Rational Recovery and AVRT

Rational Recovery and AVRT


In efforts to abstain from the use of drugs or alcohol, Rational Recovery techniques may provide a framework for progress. This form of treatment focuses on identifying and isolating a primal urge or instinct that places unreasonable demands upon us. The practice suggests that this urge is likened to a survival instinct that desires indulgences such as intoxication or sexual desires and those urges associated with gambling and other forms or socially unacceptable behavior.

This approach is reason-based thinking and seems to treat that urge as a lower form of self that is persistent in its desires. This thing or ‘it’, has been trademarked, ‘The Beast’. After some thorough reading of the crash course for AVRT (Addictive Voice Recognition Therapy), the reader may not only feel relieved of their addiction, but may then feel as a borderline schizophrenic with an alter-ego within themselves. Some may even feel like they have Sesame Street’s character, Oscar the Grouch, living in a garbage can somewhere within their bodies demanding some sort of satisfaction with no regard to the health or well-being of the host individual or addict.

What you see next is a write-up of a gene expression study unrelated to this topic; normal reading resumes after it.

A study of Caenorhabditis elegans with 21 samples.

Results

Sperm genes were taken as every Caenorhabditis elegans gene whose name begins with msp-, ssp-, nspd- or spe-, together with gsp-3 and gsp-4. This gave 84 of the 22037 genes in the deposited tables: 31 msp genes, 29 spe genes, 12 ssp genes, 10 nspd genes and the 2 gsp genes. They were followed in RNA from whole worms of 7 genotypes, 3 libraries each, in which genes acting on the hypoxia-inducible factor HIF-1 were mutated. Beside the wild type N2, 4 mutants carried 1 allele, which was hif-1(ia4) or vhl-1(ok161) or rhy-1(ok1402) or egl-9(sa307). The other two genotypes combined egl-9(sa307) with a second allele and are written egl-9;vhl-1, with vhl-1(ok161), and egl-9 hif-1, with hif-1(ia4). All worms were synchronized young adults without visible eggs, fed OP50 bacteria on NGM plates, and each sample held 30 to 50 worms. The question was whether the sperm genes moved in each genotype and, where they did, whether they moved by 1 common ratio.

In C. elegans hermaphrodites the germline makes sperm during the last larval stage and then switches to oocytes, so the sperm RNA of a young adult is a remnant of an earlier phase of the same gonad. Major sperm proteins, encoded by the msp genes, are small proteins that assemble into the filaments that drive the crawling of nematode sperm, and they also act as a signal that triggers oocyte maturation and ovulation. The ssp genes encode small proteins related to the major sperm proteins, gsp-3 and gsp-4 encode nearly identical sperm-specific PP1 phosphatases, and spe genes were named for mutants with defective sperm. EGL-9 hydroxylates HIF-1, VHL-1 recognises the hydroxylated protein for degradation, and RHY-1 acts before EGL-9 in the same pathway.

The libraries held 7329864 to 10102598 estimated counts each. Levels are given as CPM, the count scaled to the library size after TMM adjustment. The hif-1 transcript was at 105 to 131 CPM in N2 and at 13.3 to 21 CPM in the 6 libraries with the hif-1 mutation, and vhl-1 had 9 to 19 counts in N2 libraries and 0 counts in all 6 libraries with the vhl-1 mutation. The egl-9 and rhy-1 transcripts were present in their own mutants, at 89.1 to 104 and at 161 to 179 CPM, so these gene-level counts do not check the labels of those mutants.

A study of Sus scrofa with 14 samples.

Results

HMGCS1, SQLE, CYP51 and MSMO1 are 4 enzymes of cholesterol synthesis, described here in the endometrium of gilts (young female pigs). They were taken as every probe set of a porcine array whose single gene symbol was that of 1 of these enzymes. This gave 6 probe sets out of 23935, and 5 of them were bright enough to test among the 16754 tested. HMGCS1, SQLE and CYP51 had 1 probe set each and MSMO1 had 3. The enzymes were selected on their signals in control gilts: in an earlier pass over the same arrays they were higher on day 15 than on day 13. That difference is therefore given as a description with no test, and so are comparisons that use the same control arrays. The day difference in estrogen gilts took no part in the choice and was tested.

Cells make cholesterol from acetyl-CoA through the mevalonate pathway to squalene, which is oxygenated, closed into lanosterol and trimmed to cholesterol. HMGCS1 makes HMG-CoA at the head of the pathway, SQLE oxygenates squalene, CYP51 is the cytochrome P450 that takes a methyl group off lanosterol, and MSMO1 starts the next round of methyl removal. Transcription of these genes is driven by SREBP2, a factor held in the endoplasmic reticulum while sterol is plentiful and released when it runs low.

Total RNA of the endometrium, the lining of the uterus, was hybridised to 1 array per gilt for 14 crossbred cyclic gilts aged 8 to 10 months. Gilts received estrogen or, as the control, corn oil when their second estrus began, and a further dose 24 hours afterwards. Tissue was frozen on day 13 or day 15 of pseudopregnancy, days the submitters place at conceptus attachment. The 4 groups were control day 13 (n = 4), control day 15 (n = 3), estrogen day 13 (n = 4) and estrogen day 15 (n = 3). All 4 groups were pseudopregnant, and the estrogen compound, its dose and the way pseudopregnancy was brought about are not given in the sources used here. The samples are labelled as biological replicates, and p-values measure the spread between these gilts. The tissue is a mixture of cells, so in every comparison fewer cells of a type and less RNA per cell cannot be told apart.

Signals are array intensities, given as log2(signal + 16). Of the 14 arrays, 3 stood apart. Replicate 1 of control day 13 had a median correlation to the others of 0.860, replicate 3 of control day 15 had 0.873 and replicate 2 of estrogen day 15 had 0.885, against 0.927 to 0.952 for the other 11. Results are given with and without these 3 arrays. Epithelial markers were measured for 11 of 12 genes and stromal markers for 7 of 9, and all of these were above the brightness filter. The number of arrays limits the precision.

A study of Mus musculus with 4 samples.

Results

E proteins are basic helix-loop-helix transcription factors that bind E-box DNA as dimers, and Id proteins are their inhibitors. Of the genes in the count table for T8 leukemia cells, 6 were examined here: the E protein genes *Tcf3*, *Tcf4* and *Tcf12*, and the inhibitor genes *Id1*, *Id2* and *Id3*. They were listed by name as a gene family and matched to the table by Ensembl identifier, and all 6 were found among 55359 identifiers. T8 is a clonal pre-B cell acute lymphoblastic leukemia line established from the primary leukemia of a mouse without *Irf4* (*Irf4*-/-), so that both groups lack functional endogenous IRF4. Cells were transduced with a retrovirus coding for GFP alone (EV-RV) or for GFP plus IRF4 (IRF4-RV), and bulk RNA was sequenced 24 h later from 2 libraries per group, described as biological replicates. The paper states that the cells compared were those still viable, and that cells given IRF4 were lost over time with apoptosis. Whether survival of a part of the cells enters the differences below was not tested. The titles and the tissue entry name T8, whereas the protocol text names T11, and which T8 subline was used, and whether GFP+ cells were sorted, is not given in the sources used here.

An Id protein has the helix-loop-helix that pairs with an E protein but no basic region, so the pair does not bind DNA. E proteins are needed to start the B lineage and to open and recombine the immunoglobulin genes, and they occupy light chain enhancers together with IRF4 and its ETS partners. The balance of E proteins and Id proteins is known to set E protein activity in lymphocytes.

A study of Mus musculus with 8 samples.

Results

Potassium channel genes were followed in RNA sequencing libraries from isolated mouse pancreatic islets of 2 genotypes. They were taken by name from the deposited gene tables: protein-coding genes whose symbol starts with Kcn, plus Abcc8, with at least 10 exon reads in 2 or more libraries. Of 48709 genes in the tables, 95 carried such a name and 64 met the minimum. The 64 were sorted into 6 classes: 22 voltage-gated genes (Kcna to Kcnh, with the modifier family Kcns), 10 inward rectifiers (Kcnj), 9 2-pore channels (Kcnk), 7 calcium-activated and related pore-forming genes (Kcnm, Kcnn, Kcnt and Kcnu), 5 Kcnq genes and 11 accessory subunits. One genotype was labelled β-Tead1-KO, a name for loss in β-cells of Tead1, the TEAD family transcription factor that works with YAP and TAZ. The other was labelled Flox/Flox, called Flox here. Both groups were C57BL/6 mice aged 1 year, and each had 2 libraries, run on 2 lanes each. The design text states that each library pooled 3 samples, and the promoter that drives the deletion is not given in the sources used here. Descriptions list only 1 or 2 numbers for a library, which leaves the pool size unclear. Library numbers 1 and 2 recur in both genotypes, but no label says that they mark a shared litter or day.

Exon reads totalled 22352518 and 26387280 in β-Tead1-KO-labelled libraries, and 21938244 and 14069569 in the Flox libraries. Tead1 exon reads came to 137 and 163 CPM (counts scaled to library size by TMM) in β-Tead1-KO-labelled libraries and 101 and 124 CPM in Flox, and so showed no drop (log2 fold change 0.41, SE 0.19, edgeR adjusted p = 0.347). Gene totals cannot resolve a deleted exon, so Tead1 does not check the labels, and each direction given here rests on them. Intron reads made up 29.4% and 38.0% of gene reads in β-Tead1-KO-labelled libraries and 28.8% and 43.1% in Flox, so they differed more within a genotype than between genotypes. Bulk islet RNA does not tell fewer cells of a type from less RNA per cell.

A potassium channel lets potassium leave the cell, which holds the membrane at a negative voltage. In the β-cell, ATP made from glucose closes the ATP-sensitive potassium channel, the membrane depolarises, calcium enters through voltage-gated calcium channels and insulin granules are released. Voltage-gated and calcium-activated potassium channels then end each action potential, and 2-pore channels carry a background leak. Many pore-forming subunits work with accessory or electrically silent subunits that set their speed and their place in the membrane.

The Program, AVRT (Addictive Voice Recognition Therapy) will engage the addict in a constant tug-and-pull battle between one’s rational self and one’s irrational, destructive self (termed The Beast). The program compares itself to other forms of treatment and offers itself as an alternative to AA/NA or any other 12-step recovery program. As a matter of fact, Rational Recovery expends a decent amount of energy refuting 12-step recovery programs. They are specifically naming Alcoholic Anonymous as the chief culprit of the failure of addicts to recover. The program also launches accusations against this type of group therapy as being a form of cult, a religious movement and in alliance with Christianity and other churches, despite RR’s mentioning that AVRT form of treatment will not work well for Atheists and Agnostics.

Those who seek a God-less approach to recovery may forego a program that requires no due or fees for recovery in place of one that will request a subscription to on-line materials. Rational Recovery offers a solution to addiction by way of self-sufficiency. Dependence upon others or groups or Powers greater than themselves or others may be avoided by residing by oneself in a comfortable chair and reading subscriptions to self-help manuals and being accountable to no one but him or her addictive self.

The concept of Addictive Voice Recognition Therapy offered through RR was conceived in 1985 and boasts of guiding thousands nationwide to recovery. On the other hand, Alcoholics Anonymous began in 1934 in Dayton, Ohio and has nearly 2 million or more members worldwide.